Restoring Provincetown's 'Heartbeat'

A Cape Cod town hall sparkles again after a two-year preservation effort

In March 2008, officials in Provincetown, Mass., received grim news about the state of the 1886 town hall. The building was so structurally compromised that assessors identified only two options: repair it by the end of the year or vacate it promptly.

It didn't take much to convince town officials to spring into action. This 284-year-old community on the tip of Cape Cod wears its history proudly. The Pilgrims sailed the Mayflower into Provincetown Harbor in 1620 and stayed for five weeks while drafting the Mayflower Compact. In the 19th century, Provincetown was a thriving maritime center, and a century later, the town became a magnet for writers, painters, and aspiring actors.

"Town Hall is the heartbeat of this historic town, and we needed to get it fixed," says Sharon Lynn, the town manager. So Provincetown officials voted unanimously to repair and upgrade the building, including the mechanical, electrical, and fire protection systems. But they didn't stop there. What started as a modest program to stabilize the 22,000-square-foot building quickly became a comprehensive restoration.

After employees relocated to a cluster of trailers on the outskirts of town, McGinley Kalsow & Associates architects began work on a two-year, $6.5 million effort. First they addressed exterior issues, repairing the roof and structural columns, as well as decades of water damage hidden behind clapboards. The original double-hung windows were also restored, and storm windows added to increase energy efficiency. A paint analysis conducted by Boston-based architectural conservator Sara Chase revealed that the building, which stands in a National Register-listed district, had once been painted in a distinctive color scheme.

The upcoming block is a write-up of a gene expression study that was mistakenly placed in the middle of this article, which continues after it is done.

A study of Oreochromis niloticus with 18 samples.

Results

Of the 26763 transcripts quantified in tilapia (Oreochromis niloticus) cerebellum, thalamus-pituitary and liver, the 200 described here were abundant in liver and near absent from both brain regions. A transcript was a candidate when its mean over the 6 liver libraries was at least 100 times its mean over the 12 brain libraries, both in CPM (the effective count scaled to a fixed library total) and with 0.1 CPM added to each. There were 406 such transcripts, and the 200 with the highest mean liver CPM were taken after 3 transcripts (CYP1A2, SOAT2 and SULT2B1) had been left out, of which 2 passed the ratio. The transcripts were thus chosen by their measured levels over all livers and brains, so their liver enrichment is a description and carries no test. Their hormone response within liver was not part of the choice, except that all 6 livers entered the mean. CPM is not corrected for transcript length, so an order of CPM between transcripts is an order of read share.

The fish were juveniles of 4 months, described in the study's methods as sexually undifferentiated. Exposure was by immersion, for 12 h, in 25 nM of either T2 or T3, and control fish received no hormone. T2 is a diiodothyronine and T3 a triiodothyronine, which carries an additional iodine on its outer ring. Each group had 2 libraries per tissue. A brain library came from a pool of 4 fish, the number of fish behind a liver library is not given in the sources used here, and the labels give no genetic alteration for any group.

"We told the town that it cost no more money to buy colored paint than white paint, and that made a huge difference in how the project was perceived," says Wendall Kalsow, a principal with McGinley Kalsow. "It was an immediate, dramatic change."

After the first phase of work was completed in 2009, crews moved inside, repairing ductwork and installing the building's first central air conditioning system. The ground floor, originally a police station, was completely overhauled, turning cramped quarters used primarily for storage into office space for the community development department. Crews scraped paint from the exposed brick walls and removed partitions from the original eight-by-six-foot jail cells while preserving bars and arched doorways.

With a $55,000 grant from the state's Preservation Projects Fund matched by the town, workers also restored what Kalsow calls the "frosting on the cake"—the auditorium, which had been closed to the public. Its elegant coffered ceiling, chandelier, and sconces had been removed in the 1950s, but other elements, such as wood pilasters and a fine balcony balustrade, remained intact.

Using a 1890s photo, Newstamp Lighting, a historic lighting fixtures company, re-created the chandelier and sconces, and carpenters from Green & Robinson, a contracting company specializing in historic preservation, restored the ceiling. The walls were then repainted in the Victorian color scheme revealed by paint analysis.

More than 700 people attended a reopening ceremony last November and applauded a restoration that has since won the prestigious 2011 Massachusetts Historical Commission Preservation Award.

"We could have just made the necessary repairs and it would have been fine, but we knew really good preservation work could be done," Kalsow says. "Structural repairs are important, but they just don't mobilize the civic spirit very much."